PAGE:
Digital Archive of Japan Disasters

On March 11, 2011, a magnitude-9 earthquake shook northeastern Japan, triggering a tsunami leaving chaos and destruction in its wake. One domino effect was the radioactive water leak at the Fukushima Daiichi Nuclear Power Plant complete with a level 7 nuclear meltdown.

During this time of crisis, a host of media and documentation was generated. News reports, video, photos, interviews, tweets, and other records of the event flooded in with the ongoing devastation. What happened and how the challenges the tsunami wrought were met are invaluable both from the perspective of historians and archivists, but also for bettering response times and methods the next instance of natural disaster occurs.

“A project of Harvard University’s Reischauer Institute of Japanese Studies, the Digital Archive of Japan’s 2011 Disasters is an evolving, collaborative space for citizens, researchers, students, and policy makers, and a site of share memory for those most directly affected by these events.” For the archive, I created an animation to showcase the scope and ambitions of the project in its then current iteration.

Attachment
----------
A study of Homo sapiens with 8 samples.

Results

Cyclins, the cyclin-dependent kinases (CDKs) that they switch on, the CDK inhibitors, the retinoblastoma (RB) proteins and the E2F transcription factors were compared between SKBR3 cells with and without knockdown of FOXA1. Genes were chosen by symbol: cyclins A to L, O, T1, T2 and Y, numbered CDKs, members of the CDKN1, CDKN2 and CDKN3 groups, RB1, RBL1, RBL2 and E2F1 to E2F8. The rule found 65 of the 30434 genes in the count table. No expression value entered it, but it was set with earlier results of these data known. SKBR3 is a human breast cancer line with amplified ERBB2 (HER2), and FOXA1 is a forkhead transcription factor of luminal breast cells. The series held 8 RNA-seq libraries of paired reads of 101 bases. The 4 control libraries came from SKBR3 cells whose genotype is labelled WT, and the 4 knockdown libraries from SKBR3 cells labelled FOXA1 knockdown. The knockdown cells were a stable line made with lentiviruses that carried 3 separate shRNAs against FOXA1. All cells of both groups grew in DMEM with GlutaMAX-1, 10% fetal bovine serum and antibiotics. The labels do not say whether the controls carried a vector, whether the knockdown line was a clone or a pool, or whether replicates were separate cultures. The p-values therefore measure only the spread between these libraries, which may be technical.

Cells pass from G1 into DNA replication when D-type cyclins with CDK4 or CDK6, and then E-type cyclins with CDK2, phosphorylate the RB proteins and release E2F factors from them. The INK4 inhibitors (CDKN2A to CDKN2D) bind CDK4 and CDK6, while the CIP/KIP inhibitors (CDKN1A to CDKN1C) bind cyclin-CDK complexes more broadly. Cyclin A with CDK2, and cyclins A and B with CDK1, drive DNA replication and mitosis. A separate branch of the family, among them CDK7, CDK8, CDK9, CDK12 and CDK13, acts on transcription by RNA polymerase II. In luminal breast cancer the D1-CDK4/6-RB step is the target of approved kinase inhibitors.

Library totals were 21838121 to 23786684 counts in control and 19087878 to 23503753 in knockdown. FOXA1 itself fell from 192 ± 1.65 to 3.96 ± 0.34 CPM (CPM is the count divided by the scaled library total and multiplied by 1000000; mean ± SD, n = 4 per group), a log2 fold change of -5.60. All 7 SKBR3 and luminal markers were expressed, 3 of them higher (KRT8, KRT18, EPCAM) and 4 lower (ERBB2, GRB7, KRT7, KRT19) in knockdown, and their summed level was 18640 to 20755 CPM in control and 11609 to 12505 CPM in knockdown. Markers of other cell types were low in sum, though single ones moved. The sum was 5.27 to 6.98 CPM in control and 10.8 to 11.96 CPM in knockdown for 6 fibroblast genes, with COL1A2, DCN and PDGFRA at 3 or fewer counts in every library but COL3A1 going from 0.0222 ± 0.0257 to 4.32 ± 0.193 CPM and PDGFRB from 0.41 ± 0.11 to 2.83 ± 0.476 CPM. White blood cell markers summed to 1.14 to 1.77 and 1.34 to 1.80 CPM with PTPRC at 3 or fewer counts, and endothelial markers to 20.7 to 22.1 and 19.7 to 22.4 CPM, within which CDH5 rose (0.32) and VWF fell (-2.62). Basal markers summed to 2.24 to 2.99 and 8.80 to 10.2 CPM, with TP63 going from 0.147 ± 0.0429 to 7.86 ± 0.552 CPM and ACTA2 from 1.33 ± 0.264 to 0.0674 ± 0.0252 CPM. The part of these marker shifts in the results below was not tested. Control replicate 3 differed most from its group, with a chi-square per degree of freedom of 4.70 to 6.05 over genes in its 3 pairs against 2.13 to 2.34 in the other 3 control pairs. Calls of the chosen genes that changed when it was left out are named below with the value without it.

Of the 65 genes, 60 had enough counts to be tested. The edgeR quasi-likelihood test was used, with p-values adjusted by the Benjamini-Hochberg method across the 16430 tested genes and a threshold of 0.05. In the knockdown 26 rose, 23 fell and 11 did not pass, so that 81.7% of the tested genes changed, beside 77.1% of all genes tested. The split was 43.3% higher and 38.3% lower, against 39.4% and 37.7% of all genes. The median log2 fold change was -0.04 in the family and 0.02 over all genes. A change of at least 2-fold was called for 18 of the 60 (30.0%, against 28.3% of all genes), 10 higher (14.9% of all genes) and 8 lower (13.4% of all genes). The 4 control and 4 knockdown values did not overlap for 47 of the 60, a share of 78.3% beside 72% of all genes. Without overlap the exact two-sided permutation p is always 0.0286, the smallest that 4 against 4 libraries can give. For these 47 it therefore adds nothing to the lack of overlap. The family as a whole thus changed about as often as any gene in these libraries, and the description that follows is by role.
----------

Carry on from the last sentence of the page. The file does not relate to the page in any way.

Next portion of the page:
Stylistically, I chose to try and evoke some sense of sumi-e brush painting. The choice was made in part to embrace a limited color palette—grayscale with red accents. It was also made because the fragile dependency of the medium upon water, which seemed pertinent given the subject matter. I feared that the flat design I tend to embrace would seem cold and corporate in this context so I drew icons based on the website and other images and then photographed them to make the raw pieces for the animation, which I then did digitally. The media examples are all actual samples from the archive itself.

Wanting a fine tip of control but not being too practiced with calligraphic brush work, I created layered images by dipping a felt tip pen in water and treating it like a water color brush. The longer I let the pen tip linger in the water, the lighter the strokes would be until the ink higher up the stem of the pen had a chance to trickle down and reabsorb.

The final piece above, screened at the United Nations, among other venues as part of follow up reporting on the 2011 disasters’ 4-year anniversary. The animation is cut to “Senbazuru,” a musical composition by Kevin MacLeod (, licensed under Creative Commons: By Attribution 3.0 (…).